With the state coming up short with conservation, governor proposes adding to the water supply.
Increasing water recycling is one way to increase the state's water supply, a new report says.
Gerry Matthews, Shutterstock
With more than 97 percent of California remaining in at least “severe drought” conditions, according to the U.S. Drought Monitor, and the state’s seemingly endless water crisis showing no signs of letting up, Gov. Gavin Newsom is now talking about increasing the state’s water supply.
In May, Newsom urged increased water conservation measures throughout the state, and warned that increased water-use restrictions may be on the way—10 months after calling for Californians to voluntarily cut their water consumption by 15 percent. That didn’t happen. Instead, urban and suburban areas actually stepped up their water use by 19 percent in March 2022, and in July water consumption was down less than four percent compared to 2020.
So on August 11, speaking on the site of a planned water desalination plant currently under construction in Antioch, in Contra Costa County, Newsom announced a new approach—more water.
“So much of the water conversation in this state has been about conservation, a scarcity mindset,” Newsom said at the April 11 press conference. “But that’s a relatively small component of the overall strategy we are introducing here today. What we are focusing on is creating more supply. We are focusing on creating more water.”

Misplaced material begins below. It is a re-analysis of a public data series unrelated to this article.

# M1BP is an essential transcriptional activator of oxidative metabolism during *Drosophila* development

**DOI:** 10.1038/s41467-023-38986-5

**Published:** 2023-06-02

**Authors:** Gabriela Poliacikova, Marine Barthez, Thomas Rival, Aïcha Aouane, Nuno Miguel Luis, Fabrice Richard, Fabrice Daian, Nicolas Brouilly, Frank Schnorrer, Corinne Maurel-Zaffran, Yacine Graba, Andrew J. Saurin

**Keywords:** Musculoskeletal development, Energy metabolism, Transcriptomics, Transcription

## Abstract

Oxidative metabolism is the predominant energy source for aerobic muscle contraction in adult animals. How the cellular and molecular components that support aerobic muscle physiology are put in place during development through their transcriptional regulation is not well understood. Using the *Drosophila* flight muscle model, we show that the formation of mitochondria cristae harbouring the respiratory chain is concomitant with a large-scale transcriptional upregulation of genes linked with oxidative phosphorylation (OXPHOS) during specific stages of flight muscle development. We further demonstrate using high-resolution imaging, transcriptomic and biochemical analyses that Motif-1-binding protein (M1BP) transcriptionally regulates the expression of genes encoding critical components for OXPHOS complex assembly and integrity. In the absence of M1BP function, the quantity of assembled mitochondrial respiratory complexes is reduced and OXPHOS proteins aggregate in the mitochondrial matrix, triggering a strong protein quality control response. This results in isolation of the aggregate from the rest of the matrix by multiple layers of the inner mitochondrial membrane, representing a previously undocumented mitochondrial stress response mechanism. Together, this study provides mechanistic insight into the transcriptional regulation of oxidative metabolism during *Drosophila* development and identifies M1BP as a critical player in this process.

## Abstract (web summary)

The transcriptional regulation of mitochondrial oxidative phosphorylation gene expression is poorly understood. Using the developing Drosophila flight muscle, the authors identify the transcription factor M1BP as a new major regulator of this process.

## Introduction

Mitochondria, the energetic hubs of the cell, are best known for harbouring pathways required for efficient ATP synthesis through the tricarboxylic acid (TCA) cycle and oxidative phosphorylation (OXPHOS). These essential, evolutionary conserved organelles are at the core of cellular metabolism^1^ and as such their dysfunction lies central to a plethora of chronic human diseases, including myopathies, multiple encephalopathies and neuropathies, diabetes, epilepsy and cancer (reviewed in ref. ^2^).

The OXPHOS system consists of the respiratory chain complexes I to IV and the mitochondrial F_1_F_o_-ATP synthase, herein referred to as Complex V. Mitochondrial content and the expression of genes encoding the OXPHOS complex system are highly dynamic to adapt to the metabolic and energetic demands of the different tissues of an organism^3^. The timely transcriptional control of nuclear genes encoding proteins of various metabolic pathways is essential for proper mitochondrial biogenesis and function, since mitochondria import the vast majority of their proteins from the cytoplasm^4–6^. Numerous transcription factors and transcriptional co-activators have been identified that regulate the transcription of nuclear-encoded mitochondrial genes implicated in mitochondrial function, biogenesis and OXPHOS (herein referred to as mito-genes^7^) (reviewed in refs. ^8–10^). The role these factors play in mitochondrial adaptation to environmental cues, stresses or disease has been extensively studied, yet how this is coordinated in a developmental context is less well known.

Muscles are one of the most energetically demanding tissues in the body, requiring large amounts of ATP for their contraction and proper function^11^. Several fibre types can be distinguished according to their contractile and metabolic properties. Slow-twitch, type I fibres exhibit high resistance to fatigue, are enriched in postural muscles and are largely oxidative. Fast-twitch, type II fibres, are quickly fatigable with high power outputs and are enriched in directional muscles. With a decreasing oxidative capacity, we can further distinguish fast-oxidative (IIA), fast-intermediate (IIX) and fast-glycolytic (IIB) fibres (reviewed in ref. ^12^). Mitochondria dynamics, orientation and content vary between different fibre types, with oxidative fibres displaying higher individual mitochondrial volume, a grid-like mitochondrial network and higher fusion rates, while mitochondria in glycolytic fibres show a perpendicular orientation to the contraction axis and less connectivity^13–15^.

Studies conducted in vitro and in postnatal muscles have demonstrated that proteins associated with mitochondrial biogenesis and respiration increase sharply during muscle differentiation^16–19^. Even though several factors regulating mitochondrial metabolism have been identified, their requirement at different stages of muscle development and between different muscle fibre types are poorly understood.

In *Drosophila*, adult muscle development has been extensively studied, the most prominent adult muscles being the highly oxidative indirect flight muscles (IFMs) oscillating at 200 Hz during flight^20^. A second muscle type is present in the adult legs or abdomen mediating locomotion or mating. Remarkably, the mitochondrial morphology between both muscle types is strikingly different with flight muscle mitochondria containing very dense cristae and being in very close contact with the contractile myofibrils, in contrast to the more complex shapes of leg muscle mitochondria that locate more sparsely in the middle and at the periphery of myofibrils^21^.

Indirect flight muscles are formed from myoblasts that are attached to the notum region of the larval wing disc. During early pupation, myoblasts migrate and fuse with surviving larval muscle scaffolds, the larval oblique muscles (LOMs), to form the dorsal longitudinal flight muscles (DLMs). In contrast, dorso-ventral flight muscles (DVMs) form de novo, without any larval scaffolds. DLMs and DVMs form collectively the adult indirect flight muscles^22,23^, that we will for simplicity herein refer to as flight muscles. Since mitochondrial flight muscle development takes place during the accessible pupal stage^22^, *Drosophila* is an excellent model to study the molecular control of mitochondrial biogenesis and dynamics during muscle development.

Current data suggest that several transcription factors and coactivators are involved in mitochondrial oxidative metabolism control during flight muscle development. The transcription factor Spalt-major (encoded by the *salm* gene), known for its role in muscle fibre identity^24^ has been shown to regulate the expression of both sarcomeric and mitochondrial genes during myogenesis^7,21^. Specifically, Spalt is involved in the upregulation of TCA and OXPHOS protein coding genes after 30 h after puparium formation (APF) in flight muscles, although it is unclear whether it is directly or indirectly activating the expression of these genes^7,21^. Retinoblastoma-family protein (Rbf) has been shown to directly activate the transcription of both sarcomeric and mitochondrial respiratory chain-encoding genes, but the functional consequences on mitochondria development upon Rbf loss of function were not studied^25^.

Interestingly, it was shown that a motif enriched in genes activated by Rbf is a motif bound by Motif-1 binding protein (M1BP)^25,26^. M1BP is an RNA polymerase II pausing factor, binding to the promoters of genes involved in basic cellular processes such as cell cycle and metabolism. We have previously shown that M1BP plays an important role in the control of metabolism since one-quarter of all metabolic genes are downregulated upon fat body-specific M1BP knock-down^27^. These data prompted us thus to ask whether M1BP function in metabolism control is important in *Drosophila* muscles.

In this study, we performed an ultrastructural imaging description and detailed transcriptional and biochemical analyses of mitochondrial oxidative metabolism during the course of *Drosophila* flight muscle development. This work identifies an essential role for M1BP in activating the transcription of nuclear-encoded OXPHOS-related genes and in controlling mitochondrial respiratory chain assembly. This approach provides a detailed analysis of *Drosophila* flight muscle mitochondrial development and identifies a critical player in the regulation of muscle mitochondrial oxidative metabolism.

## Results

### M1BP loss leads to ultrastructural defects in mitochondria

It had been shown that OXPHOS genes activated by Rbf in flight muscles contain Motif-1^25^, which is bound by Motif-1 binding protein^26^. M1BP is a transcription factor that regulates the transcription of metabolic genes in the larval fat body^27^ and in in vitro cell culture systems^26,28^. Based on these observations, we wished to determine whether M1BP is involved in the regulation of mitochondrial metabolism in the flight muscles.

A 19-page report titled “California’s Water Supply Strategy, Adapting to a Hotter, Drier Future,” released by Newsom, lists four major measures to boost the water supply—which the report notes is projected to decline by 10 percent over the next 18 years due to factors attributable to the changing climate.
How To ‘Create More Water’
The four steps highlighted by the report are:
Newsom Rages at ‘Regulatory Thickets’
At his press conference April 11, Newsom expressed anger at state red tape that he said prevents and delays needed water projects from happening. The new strategy outlined in the report involves hacking away at much of what Newsom called the “regulatory thickets” that he said stand in the way of taking measures to increase the water supply.
“The time to get these damn projects is ridiculous. It’s absurd. It’s reasonably comedic,” Newsom said.
As one example, the new report notes that simply upping the amount of recycled water isn’t enough—the state needs a plan for where to put that water once it’s ready to re-enter the state supply. The plan says that regulations need to be rewritten to guarantee that recycled water can be safely channeled back into homes and businesses.
The Infrastructure Investment and Jobs Act—more popularly known as the Bipartisan Infrastructure Bill—passed by Congress in November of 2021, includes $1 billion in new federal funds for water reuse in the western United States. The bill also allocates $1.15 billion for new water storage, of the kind called for in Newsom’s new plan—as well as $250 million to research new desalination projects.
The report promises that in 2023, the State Water Board “will establish direct potable reuse regulations that allow suppliers to distribute recycled water without first putting it into a reservoir or aquifer.”
According to the report, recycling one acre-foot of water costs about $15,000. To meet the goal of adding 1.8 million acre-feet of recycled water to the state’s supply by 2040 would require a combined local, state and federal investment of $27 billion, the report states.